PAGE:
Lancaster and Manchester Universities have won a joint £2M award for physics research which may lead to “significant technological impact in the longer term.”
The four year grant from the EPSRC will fund the UK’s largest research project into quantum turbulence, utilising the Lancaster and Manchester low-temperature laboratories in their Departments of Physics.
Lancaster’s Professor Peter McClintock said he was delighted with the award.
“Much of the energy used in air or sea transport, for example, goes into the creation of turbulence. If improved understanding leads eventually to even a small reduction in turbulence production, the corresponding energy savings would pay for the cost of the present research programme many times over.”
Any improvements in reducing the loss of energy via creation of quantum turbulence could improve the efficiency of large superconducting magnets.
These are already in use in areas such as hospital MRI scanners, the Large Hadron Collider at CERN and the supply of cryogenic equipment, where the UK plays a leading role.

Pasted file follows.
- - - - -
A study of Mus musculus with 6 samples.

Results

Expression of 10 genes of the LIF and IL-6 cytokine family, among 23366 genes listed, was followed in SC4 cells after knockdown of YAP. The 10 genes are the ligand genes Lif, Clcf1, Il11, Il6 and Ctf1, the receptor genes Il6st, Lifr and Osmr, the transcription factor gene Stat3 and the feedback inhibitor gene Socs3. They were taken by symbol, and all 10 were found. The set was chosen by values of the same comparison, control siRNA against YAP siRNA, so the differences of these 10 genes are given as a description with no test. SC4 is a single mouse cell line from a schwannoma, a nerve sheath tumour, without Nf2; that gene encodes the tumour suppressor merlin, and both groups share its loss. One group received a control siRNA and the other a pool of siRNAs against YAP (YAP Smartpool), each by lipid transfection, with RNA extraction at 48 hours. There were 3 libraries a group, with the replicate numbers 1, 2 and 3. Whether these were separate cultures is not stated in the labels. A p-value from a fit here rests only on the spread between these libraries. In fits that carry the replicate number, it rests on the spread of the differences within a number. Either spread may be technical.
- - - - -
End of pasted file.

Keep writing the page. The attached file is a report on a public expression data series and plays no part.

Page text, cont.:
In the longer term, this research connects to advances in commercial technology. Commercial development is facilitated by Lancaster Cryogenics Ltd and Lancaster Helium Ltd, two companies founded by members of the Lancaster Physics Ultra Low Temperature group to export knowledge, specialist equipment and supplies of isotopically pure helium.
Turbulence in superfluid helium, known as quantum turbulence, is special because quantum mechanics restricts all vortices to have a single fixed value of circulation, leading to a dynamic tangle of vortices.
Professor McClintock said: “This builds on our earlier work and will enable us to measure the critical velocities at which turbulence is created so we can understand its properties.”
All previous experiments on the generation of quantum turbulence have used objects with convex surfaces but this project will use concave structures created at Lancaster.
The project entitled “Microscopic dynamics of quantized vortices in turbulent superfluid in the T=0 limit” is led by Professor Andrei Golov from Manchester University and Professor Peter McClintock, Dr Viktor Tsepelin and Dr Malcolm Poole from Lancaster University with Emeritus Professor Joe Vinen from Birmingham University.